A-level results 2023

A-level results 2023: 7 key trends in England’s data

What did we learn from the data as standards fall back to pre-pandemic?

What did we learn from the data as standards fall back to pre-pandemic?

A-level results are out this morning – here’s your usual handy Schools Week round up of the key trends.

All the findings are for pupils in England, unless stated. Here’s what we know…

1. Overall performance in England

The proportion of A* and A grades has dropped from 35.9 per cent last year to 26.5 per cent as grading standards return to pre-pandemic standards, a fall of just over 26 per cent.

However, this is still slightly above the 25.2 per cent in 2019. 

This year, 75.4 per cent of grades were C and above, down on 82.1 per cent last year and slightly below 75.5 per cent in 2019. 

A-level results since 2019

The number of students achieving 3 A* grades has dropped by more than half this year – from 8,570 to 3,820. 

It’s still above pre-pandemic 2019 – when 2,785 pupils achieved it – but way down on the 12,975 pupils achieving 3 A*s in 2021, when teacher grades were awarded. 

2. A-level grade distribution: 2019 to 2023

What did we learn from data on the second year of post-Covid summer exams?

3. Regional attainment gap widens

While grading has mostly returned to pre-pandemic standards at a national level, the regional picture has changed, possibly signalling the impact of covid on children regionally. 

In 2019, 23 per cent of grades in the north east were A and above, but this is now 22 per cent – meaning the region is now the lowest attaining in the country.

Whereas in London, 30 per cent were top grades this year compared to 26.9 per cent in 2019. 

This means the gap between the regions has widened from 3.9 percentage points to 8 percentage points. 

The north east and Yorkshire and Humber were the only regions to record below-2019 rates in top grades achieved.

4. Big fall in top grades for secondary moderns, FE colleges

According to data published by Ofqual today, further education establishments and secondary moderns saw the biggest fall in top grades between 2022 and 2023.

The proportion of A and A*s issued to pupils of secondary moderns, which are non-selective schools in areas with grammar schools, fell from 27.6 per cent to 19.1 per cent, (a decrease of 30.8 per cent).

The smallest falls were for private schools (18.3 per cent), free schools (20.9 per cent) and grammar schools (23.5 per cent).

However, top grades across all institutions apart from FE establisments remain higher than in pre-pandemic 2019.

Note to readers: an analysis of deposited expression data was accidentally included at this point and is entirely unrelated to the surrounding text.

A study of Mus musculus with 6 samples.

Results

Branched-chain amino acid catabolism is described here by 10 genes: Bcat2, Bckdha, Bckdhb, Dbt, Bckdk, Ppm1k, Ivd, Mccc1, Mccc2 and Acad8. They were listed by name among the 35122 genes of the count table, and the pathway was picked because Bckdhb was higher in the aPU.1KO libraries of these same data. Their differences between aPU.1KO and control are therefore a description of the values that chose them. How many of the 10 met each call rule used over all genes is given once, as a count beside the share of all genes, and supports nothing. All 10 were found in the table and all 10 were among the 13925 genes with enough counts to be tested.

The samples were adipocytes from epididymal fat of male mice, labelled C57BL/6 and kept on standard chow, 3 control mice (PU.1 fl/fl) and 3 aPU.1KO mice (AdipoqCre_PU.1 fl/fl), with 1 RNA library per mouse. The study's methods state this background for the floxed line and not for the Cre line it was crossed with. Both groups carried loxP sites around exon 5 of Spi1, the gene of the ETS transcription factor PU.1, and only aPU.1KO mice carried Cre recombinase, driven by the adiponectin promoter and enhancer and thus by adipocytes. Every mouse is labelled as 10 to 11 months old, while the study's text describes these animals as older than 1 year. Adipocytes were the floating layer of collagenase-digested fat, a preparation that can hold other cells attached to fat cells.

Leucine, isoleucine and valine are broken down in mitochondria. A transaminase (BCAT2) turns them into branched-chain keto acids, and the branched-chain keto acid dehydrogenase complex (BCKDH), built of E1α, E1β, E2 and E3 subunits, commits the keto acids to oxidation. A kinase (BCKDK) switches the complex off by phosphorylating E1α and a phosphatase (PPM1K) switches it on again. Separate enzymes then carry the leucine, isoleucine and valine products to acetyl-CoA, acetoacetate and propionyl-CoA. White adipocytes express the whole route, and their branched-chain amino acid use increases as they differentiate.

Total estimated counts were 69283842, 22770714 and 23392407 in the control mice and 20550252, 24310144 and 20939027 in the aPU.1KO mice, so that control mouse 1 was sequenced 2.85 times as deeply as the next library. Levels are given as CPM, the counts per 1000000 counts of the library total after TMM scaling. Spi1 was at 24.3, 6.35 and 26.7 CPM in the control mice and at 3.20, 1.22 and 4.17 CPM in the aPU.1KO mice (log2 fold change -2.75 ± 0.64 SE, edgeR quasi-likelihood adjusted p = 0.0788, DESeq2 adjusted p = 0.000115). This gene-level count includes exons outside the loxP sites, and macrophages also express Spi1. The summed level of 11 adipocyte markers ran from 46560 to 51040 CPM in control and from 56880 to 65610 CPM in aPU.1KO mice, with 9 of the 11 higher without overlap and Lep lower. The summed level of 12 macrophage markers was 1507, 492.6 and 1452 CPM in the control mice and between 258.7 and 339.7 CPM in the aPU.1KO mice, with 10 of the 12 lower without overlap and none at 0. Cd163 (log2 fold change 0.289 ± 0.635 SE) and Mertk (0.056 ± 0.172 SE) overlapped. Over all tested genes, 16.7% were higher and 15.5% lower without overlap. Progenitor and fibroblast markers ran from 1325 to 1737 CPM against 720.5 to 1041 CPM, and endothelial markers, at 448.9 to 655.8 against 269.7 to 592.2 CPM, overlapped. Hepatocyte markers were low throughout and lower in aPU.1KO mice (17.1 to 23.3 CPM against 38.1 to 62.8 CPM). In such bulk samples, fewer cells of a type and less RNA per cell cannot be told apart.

The proprotion of top grades issued to comprehensive school pupils is 9.5 per cent higher than in 2019, and 5.8 per cent higher for both academies and private schools.

5. Economics rise, but Auf Wiedersehen German

Across the UK, there has been no change to the top five most popular subjects. However, economics has taken geography’s spot in the top 10 most popular subjects after a 7.3 per cent rise in entries.

Computing entries grew the most of any subject – 16.7 per cent – from 15,693 in 2022, to 18,306 this year.

At the other end, German saw the largest drop in entries from 2,803 last year to 2,358 this year (15.9 per cent fall).

French and Spanish entries also both fell by just under 11 per cent.

6. Which subjects have the biggest gap between entries?

Computing continues to have far more entries from boys, who make up more than one in eight entrants.

Physics, further maths, economics, design and technology and ICT also all continue to be far more popular among boys than girls.

At the other end of the scale performing arts, English literature, sociology and art and design subjects continue to be far more popular with girls than boys.

7. England falls behind in UK grade gap

While England’s grades returned to pre-pandemic standards this year, Wales and Northern Ireland are waiting until 2024. This means their grading is more generous this year.

The proportion of top grades awarded in England is this year 7.5 percentage points behind Wales (34 per cent) and 11 percentage points behind Northern Ireland (37.5 per cent).

In 2019, we were 1.3 percentage points behind Wales and 4.2 percentage points behind Northern Ireland.

Top grades in Wales and NI are 7.5 and 8.1 percentage points respectively higher than 2019 compared to just 1.3 percentage points in England.